In a slam dunk 4-0 vote, the Federal Communications Commission just proposed kicking off a process that could eventually make your experience cruising the Interwebs at 30,000 feet considerably less, shall we say, sedate. How? By auctioning off the rights to recently freed up airwaves, and allowing Internet service providers to share those airwaves with satellite companies.
According to the FCC:
The Commission proposes to establish an air-ground mobile broadband service, using a ground-based network to communicate with planes, by taking advantage of technical innovations to expand sharing of certain spectrum among users. Expanded availability of in-flight Wi-Fi will help meet demand from travelers to connect to a full range of communications services while flying in the contiguous United States. More options for in-flight broadband are likely to increase competition, improve the quality of service, and lead to lower prices.
Today’s in-flight Internet service involves either satellite (an antenna mounted atop the plane) or air-to-ground systems (an antenna mounted beneath the plane, communicating with terrestrial towers). Anyone who’s used or had to pay monthly for satellite-based Internet knows it’s fraught with limitations, including speed (in particular latency) issues as well as high data usage prices and ridiculously punitive data caps. Air-to-ground communications are much less expensive, which is where this FCC proposal comes in, which — if it comes off, as hoped, within the next few years — could result in much more reliable in-flight broadband that matches or exceeds the speeds of existing ground-based service.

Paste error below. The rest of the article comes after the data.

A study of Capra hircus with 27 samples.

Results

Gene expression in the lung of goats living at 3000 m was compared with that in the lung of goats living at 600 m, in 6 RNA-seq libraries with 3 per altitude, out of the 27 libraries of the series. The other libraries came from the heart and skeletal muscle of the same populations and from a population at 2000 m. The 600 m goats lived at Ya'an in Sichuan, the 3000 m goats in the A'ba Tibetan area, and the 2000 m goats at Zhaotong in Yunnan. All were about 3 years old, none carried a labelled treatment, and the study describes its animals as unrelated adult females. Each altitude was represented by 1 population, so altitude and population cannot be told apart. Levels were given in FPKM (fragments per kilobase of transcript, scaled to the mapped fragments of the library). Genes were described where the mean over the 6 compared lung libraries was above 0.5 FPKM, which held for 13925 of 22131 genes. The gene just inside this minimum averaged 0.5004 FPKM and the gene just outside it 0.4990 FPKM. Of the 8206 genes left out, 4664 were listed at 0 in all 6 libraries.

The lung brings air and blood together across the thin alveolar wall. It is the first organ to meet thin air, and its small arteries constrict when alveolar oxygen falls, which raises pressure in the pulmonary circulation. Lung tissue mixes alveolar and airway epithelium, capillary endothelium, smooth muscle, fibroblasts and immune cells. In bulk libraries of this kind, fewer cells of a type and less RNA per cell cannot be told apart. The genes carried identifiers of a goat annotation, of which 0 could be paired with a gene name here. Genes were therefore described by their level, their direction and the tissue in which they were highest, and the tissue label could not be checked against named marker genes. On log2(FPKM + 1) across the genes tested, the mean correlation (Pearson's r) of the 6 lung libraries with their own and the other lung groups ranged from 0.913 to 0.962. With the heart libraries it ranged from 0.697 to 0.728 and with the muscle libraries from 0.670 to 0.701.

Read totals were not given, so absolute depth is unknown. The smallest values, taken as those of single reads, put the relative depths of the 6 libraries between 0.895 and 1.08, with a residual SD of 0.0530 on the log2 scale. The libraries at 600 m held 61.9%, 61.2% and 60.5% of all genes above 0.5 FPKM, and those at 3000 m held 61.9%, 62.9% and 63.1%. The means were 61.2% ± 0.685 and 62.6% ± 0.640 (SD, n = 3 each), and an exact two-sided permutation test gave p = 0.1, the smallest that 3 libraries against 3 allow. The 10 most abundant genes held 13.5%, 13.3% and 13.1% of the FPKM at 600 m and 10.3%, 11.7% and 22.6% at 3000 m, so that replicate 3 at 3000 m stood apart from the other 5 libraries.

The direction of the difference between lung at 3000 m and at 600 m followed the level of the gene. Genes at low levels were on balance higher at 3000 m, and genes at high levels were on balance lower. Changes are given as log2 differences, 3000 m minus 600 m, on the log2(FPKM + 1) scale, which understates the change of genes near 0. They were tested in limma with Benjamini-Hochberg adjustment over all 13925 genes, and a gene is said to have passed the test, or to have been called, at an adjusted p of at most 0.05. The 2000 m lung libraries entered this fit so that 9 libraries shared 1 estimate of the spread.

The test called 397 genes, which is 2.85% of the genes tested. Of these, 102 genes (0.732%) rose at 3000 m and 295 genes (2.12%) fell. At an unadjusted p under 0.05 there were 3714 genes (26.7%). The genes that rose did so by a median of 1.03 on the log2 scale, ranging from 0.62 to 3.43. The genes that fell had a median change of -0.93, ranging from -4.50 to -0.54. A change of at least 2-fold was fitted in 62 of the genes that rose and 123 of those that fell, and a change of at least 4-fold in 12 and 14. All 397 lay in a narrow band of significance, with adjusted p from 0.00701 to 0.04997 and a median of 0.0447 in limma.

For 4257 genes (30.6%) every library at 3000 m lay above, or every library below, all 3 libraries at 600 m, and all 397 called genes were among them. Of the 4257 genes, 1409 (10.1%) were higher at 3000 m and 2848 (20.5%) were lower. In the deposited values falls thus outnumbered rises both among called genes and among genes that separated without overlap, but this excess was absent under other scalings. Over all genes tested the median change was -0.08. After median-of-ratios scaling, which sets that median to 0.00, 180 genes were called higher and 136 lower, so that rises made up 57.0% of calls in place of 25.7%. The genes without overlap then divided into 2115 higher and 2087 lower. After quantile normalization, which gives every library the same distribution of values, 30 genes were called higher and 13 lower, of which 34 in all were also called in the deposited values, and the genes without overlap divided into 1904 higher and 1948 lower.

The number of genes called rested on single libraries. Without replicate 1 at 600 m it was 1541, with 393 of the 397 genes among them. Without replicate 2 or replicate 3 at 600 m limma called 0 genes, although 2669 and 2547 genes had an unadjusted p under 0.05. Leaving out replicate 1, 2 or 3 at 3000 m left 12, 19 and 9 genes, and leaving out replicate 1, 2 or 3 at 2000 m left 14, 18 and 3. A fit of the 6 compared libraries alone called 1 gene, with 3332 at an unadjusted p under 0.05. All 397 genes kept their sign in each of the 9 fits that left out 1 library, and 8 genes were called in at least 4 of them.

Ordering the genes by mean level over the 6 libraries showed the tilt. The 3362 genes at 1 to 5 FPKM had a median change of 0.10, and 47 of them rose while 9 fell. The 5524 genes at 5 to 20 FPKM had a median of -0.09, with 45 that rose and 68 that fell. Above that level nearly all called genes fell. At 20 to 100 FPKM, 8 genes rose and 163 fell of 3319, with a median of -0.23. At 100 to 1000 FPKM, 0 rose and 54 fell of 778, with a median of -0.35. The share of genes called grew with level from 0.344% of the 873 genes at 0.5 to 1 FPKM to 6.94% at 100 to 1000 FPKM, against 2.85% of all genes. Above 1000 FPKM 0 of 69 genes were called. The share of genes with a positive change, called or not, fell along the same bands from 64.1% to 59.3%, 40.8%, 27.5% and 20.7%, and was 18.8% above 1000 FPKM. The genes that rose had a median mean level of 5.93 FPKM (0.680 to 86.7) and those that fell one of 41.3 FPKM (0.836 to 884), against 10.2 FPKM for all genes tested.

How fast are we talking? As the New York Times reports:
The new system would share the 14.0-14.5 gigahertz band of the electromagnetic spectrum, a 500-megahertz band that is far wider than the current 4-megahertz band used in air-to-ground systems. All of that means that the new system would be capable of transmitting data at up to 300 gigabits per second — or 30 times the average home broadband speed.
[Update: the Times just issued a correction to this statement, writing that “The proposal envisions a combined service speed of up to 300 gigabits per second, to be shared among all the aircraft using the system at a given moment” — still considerably faster than existing speeds, but not “30,000 times the average home speed,” which the above implies.]
“The reality is that we expect and often need to be able to get online 24/7, at home, in an office or on a plane,” said F.C.C. chairman Julius Genachowski. “This will enable business and leisure travelers aboard aircraft in the United States to be more productive and have more choices in entertainment, communications and social media, and it could lower prices.”
Current in-flight Wi-Fi tops out at 3 megabits per second — slow but functional. I’ve used Gogo on shorter Delta hops as well as longer cross-country jaunts, and it’s not bad, usually zippy enough to scan the headlines, check email, send instant messages (“Look at me! I’m texting over Mount St. Helens!”), tweet pictures of terrifying cloud formations, follow my flight on whatever tracker or do actual work in TIME’s content management system. While it’s nothing like the speeds I get at home (you know, surfing cat videos), it’s always consistent, though I suspect that says more about the lack of fellow surfers at this point: with providers like Gogo charging $14 for one day of service, in-flight Wi-Fi isn’t cheap.
This is all early days stuff, of course. The FCC still has to decide how to divvy up that 500 MHz spectrum block, and as the Times notes, the proposal isn’t entirely controversy-free: the Satellite Industry Association — a D.C. based satellite lobby group — has complained to the FCC that future air-to-ground service proposals could interfere with and hamper satellite service (you’ll want to check out Jon Brodkin of Ars Technica’s terrifically detailed breakdown for more on this).
Still, the notion that we may soon be able to surf in-flight at ground-worthy speeds is tantalizing. Now we just need the Federal Aviation Administration to take the FCC’s recommendation last December that the FAA “enable greater use of tablets, e-readers, and other portable devices” seriously.